Corbyn hails ‘invaluable’ work of churches

23 September 2019

PA

Jeremy Corbyn at the Labour Conference on Sunday

Jeremy Corbyn at the Labour Conference on Sunday

CHURCHES have an “invaluable” role to play in society, the leader of the Labour Party, Jeremy Corbyn, said on Sunday.

Mr Corbyn was speaking during a church service organised by Christians on the Left at One Church, Brighton, at the start of Labour’s conference. The service marked Freedom Sunday, a global church campaign against modern slavery and human trafficking.

Mr Corbyn said of faith communities and faith organisations: “They play a key role in welcoming refugees — helping them to settle in our country and rebuild their lives — as well as advocating for their rights and in favour of inclusion and solidarity, not exclusion and division.”

He continued: “The work that Christians and all church and faith communities across the UK do is invaluable to so many.

“The way in which you stand against injustice in all its forms, and support the poor and the needy, represents the very best of the Christian faith.”

Other speakers at the service included Marsha de Cordova, the Labour MP for Battersea, and the chair of Christians on the Left, Jonathan Reynolds, who represents Stalybridge and Hyde.

Mr Corbyn said: “Isaiah 1.17 reads ‘Seek justice. Defend the oppressed.’ This message is close to my heart as leader of the Labour Party, and any Labour government that I lead will have global justice at its heart and we will seek justice for all and defend the oppressed at home and abroad — be they refugees, victims of human trafficking and modern slavery, or those living in poverty. . .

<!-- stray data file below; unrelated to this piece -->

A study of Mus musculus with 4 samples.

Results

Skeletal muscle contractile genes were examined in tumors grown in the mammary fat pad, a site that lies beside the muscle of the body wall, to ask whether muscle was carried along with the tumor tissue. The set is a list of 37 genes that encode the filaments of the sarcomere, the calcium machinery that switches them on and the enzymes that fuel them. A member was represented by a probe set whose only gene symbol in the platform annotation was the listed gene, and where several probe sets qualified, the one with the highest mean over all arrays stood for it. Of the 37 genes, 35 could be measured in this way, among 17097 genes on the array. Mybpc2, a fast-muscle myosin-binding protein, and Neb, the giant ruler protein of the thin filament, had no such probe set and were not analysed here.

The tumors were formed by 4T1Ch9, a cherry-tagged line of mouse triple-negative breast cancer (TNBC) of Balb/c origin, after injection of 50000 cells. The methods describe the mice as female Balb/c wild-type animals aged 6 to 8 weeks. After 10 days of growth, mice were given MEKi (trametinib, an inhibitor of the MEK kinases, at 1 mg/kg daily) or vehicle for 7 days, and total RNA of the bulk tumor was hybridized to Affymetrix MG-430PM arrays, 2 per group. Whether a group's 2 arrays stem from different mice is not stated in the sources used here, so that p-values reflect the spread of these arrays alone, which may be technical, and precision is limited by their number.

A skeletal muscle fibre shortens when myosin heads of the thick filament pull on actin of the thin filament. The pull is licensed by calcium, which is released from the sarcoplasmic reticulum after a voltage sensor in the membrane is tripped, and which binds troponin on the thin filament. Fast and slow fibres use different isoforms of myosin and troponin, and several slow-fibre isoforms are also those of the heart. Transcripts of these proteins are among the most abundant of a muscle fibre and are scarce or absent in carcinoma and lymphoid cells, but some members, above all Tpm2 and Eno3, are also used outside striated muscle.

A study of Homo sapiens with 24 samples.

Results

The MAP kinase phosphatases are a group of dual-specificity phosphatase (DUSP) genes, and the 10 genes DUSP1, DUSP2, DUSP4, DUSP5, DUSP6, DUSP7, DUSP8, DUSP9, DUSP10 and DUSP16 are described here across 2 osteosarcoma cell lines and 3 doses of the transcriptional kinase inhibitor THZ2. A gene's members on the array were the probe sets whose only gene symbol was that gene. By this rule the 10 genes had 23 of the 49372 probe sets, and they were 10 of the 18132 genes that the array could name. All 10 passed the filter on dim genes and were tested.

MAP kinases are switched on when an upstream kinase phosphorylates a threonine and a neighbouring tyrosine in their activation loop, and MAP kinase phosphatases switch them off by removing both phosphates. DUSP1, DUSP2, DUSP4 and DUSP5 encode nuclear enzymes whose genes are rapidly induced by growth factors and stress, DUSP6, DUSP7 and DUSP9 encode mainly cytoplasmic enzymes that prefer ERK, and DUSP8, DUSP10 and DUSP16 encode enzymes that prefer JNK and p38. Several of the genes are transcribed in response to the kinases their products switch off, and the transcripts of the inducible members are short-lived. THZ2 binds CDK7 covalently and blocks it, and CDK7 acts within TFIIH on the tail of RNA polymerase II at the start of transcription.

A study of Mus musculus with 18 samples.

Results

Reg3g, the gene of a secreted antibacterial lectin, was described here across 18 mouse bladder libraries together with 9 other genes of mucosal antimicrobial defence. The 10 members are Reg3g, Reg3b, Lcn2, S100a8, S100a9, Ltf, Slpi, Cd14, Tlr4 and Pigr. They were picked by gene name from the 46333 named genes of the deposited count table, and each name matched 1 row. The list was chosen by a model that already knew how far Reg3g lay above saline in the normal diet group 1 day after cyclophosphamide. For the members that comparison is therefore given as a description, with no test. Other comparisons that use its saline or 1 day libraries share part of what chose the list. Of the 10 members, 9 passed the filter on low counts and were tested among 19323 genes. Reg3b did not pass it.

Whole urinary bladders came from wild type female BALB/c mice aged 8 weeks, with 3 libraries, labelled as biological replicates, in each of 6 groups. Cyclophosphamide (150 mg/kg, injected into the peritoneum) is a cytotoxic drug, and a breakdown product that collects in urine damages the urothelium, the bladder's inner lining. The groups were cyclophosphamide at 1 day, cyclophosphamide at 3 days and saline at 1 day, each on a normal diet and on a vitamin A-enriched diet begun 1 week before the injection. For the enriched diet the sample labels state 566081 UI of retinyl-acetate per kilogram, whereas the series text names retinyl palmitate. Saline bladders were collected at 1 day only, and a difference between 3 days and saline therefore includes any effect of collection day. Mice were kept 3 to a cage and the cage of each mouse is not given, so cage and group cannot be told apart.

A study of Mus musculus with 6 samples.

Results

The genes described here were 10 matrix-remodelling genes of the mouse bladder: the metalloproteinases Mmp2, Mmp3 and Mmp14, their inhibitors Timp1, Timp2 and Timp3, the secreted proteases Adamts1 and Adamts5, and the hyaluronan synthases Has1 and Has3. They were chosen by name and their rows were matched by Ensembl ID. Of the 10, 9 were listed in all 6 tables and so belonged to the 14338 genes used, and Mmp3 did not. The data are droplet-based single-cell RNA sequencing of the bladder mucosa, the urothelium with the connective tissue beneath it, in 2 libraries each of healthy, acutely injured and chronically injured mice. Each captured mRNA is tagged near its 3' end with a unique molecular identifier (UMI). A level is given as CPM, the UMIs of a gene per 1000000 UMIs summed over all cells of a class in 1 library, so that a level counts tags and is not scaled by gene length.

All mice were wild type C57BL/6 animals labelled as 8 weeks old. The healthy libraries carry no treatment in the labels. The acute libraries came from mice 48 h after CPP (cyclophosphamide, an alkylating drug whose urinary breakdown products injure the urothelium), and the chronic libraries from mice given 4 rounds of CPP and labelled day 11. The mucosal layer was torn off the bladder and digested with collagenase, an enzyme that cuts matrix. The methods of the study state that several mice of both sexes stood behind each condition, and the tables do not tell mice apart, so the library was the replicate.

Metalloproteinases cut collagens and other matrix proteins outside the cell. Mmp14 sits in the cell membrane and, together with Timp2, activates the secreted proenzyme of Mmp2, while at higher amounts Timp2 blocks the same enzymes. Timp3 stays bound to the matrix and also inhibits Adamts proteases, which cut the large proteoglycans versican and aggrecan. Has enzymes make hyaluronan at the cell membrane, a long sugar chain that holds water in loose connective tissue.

“I thank Christian and other faith communities and faith organisations for the work they do in our communities supporting the vulnerable and oppressed, and my message to you is that the values of solidarity, loving our neighbours, unity in our communities and seeking justice at home and abroad are the values that we hold dear in the Labour Party and will continue to do so.”

He also praised the former Bishop of Dover, the Rt Revd Trevor Willmott, for speaking out on language used to describe refugees, and said that he expected “our good friend” Prebendary Rose Hudson-Wilkin, who will be the next Bishop of Dover, to do the same in the future.